Sunday, December 25, 2011

Merry Christmas, Everyone!


I haven’t had time for much – you know, the gift thinking, the gift shopping, the gift wrapping, and in the case of this year, the carrying of the gifts from Texas to NJ where we await the birth of ... a baby Hilton. But I did make THREE batches of roll-out cookies – for my children, my mother-in-law, and the two physical therapy clinics that I figure are the reason I was able to make them in the first place.


So from my kitchen to yours, here's a wish for all of you to have the very best of the holiday season, and a happier, more prosperous New Year!



Friday, December 9, 2011

The Breakfast Dilemma
What’s cooking? Coconut Oat Pilaf


To cook or not to cook? When it comes to breakfast, that’s the big question. Especially when we have guests, I’m always torn between the desire for sleep (“Breakfast here is DIY – we have yogurt, eggs, cereal, fruit,...”) and the image I have in my head of everyone gathering around the kitchen island while I whip up some eggy concoction or pull yummy biscuits or coffee cake out of the oven.

The truth is, of course, that hardly anyone ever wants to wait the hour or so it’ll take me to manage one of those scenarios. And I have the additional challenge of making myself look like someone you want to face at that time of day.

But when my children show up for a visit, breakfast is a lot easier to manage. They sleep late enough that I can have it ready when they make their morning appearance, and they don’t care as much what I look like. They also really like breakfast, which means they’ll tolerate whatever fuss I want to make.

So when my younger son and his girlfriend showed up over the Thanksgiving break, I pulled out all the stops. Ginger scones one day, Paris breakfast another, and this wonderful breakfast pilaf for a third. (It doesn't look like much in the photo, but what can you do?) The original recipe came from the indefatigable Mark Bittman, a couple of years ago in The New York Times. Some of the ingredients he uses are a bit more exotic than my pantry, so I tweaked it here and there.


The pilaf is delicious as a savory breakfast, but I need something sweet in the morning, so I serve mine with a touch of pure maple syrup (no Aunt Jemima’s, please) or some honey. You could also try it with your favorite jam. Leftovers keep well in the refrigerator for days.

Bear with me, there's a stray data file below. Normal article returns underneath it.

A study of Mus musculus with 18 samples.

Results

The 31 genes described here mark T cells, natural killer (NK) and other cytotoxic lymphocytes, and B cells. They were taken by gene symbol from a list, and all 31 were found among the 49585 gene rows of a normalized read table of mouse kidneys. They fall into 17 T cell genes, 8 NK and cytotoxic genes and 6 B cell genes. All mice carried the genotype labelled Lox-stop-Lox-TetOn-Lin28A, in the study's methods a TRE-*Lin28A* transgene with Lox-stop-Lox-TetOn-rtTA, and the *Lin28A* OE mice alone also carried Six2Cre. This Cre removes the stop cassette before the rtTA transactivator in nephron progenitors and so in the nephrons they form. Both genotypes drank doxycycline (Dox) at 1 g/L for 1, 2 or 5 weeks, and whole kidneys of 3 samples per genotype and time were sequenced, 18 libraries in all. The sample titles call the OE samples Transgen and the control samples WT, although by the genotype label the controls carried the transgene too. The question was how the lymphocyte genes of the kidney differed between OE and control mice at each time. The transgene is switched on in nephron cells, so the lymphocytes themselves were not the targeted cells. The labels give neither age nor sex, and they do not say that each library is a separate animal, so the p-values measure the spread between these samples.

Coconut Oat Pilaf

2 tablespoons butter
1½ cups steel-cut oats (not rolled), rinsed and drained
1 tablespoon minced or grated ginger [Kitchen Goddess note: Buy fresh ginger and keep it in an airtight container in the freezer. Life will be a lot easier.]
1 tablespoon mustard seeds (brown or black are both fine)
¼ teaspoon Chinese Five-Spice Powder
a pinch of chili flakes
Salt and freshly ground black pepper
½ cup grated coconut (which also keeps well in the freezer)
½ cup chopped fresh cilantro, mint, or parsley, or a combination (I prefer the combination.)

1. Put butter in a pot with a tight-fitting lid over medium-high heat. When it melts, add oats and ginger and stir until coated. Add spices and a pinch each of salt and pepper; stir until fragrant, just a minute or two.

2. Stir in 2½ cups water, bring to a boil, and reduce heat enough that the mixture gently bubbles. Cook undisturbed, until most of the water has been absorbed and holes begin to appear on surface, about 10 minutes. Cover, remove from heat, and let sit for up to 20 minutes.

3. Meanwhile, toast coconut in a skillet over medium-low heat, shaking pan and stirring several minutes until the coconut is toasted and fragrant (careful that it doesn’t burn). Toss coconut and cilantro into oats, fluffing mixture with a fork. Taste and adjust seasoning if necessary and serve hot or at room temperature.

Yield: 4 servings.

Kitchen Goddess note: All three of my breakfasts were easy and reasonably fast to make, especially if you check the night before that you have all the ingredients, and that you set out whatever dry ingredients you’ll need. It’s that maddening mise en place philosophy of organizing and arranging what you need at the beginning, that the Culinary Institute harps on. Don’t you just hate it when they’re right?